What a difference a bit of attention makes!
- She is sporting her red boot stripe.
- Her topsides were sanded to 80 grit, faired with 3M Marine Premium Filler, final sanded with 80 grit, and then received two coats of Interlux PreKote primer.
- Her transom received two Dutchman repairs, was sanded fair using 40-, 6- and 80-grit paper, stained and sealed with three coats of CPES.
- Her remaining mechanical components were released and readied for restoration.
- All interior hull surfaces and all framing were cleaned, sealed with CPES and received an initial initial coat of Sandusky Lyman Sand Tan Bilge paint.
- Her new foredeck and aft deck panels and her king plank were fabricated using correct ribbon-cut mahogany marine plywood.
- Most of her hardware was packed and sent to chrome.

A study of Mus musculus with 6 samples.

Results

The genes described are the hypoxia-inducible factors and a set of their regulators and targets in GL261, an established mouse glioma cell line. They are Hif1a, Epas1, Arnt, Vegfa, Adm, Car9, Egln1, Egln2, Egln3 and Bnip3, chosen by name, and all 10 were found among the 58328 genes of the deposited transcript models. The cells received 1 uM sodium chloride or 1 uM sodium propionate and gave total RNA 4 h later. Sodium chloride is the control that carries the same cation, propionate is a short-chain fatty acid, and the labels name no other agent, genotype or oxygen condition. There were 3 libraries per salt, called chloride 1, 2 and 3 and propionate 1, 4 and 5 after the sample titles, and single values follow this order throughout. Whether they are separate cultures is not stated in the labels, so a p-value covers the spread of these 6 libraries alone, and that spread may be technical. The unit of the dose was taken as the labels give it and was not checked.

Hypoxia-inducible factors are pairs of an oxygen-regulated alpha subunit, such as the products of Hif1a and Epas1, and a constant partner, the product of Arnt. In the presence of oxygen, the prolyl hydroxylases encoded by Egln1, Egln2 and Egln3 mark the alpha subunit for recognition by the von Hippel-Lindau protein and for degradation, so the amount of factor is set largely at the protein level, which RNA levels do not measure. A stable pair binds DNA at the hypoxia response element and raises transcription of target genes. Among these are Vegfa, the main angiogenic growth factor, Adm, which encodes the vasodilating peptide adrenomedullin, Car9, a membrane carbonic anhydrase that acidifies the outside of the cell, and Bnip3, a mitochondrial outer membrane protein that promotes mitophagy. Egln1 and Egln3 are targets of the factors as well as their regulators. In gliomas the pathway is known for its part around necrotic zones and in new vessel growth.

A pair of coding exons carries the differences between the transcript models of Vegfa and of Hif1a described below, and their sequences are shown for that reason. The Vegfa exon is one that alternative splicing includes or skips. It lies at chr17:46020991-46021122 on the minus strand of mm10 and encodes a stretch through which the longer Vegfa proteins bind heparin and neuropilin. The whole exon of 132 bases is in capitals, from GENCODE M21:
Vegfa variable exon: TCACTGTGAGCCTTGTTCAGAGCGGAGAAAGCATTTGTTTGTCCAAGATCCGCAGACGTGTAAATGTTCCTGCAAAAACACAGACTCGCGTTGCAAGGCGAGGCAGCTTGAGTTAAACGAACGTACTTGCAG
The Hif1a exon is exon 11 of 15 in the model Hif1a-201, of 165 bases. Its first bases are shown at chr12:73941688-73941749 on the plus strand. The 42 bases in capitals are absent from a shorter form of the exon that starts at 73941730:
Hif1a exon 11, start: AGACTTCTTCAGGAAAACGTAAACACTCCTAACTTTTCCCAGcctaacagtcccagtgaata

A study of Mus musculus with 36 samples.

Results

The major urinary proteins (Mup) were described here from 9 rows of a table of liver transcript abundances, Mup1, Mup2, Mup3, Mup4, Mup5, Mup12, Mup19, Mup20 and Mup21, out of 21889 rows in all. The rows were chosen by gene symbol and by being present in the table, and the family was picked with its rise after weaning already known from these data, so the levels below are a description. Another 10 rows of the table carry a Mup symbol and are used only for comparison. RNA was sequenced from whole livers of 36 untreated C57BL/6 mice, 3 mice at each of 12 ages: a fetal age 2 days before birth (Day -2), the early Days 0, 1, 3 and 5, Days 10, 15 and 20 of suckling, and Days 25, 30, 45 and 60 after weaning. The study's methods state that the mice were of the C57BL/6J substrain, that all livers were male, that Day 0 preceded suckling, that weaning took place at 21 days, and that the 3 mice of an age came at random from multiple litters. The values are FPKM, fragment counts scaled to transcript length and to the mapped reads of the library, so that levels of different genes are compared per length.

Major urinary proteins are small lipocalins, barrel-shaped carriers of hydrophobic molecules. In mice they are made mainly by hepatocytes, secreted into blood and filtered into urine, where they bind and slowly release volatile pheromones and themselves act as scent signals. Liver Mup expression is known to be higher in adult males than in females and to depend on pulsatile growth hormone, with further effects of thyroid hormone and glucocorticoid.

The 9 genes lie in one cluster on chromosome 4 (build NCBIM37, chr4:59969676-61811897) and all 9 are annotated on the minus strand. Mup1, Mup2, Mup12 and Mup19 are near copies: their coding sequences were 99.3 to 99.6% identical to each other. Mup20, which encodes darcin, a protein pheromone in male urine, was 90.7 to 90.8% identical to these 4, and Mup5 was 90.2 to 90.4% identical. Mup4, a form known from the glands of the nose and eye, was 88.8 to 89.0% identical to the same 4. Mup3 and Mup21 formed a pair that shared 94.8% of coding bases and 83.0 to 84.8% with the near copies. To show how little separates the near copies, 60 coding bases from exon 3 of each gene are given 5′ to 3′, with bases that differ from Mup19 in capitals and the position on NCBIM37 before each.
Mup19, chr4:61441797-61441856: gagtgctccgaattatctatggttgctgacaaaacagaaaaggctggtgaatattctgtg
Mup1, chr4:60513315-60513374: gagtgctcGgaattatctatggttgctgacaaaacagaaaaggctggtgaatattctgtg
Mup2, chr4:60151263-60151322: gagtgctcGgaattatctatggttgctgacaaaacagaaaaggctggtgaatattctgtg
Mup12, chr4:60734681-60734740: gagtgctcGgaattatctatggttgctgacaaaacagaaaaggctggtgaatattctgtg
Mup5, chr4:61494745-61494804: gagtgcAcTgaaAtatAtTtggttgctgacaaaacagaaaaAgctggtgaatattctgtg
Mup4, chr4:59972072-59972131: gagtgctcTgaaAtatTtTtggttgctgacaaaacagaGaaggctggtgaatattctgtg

- Her Iva-Lite returned fully restored.
Once John reaches for surface putty and repairs a series of dings that the primer revealed, we will be applying Interlux Premium Yacht Enamel to her topsides.
We will shortly seal her deck and gunwale framing with CPES, and then we can move to installing her decks and covering boards bedded in 3M5200.
This update affords us an opportunity to remind one and all of us to take great care when we tighten lifting ring assemblies. You fail to do so at your peril, as is clear from this clip. Someone must have trotted out a long bar to have extra leverage while securing the assembly. The result is a concavity around the deck’s center rather than Lyman’s characteristic and elegant crown.
We will address the issue using vertical bracing between the keel and the two deck frame members just forward and aft of the lifting assembly. Carefully applying upward pressure removes the hollow, but we will go slightly beyond fair so that the deck is properly convex once the panels are installed, the bracing is removed and the surface settles slightly.
From now to her post-conservation review sometime in May, she will blossom, becoming ever so much more elegant day-by-day and week-by-week. Yes!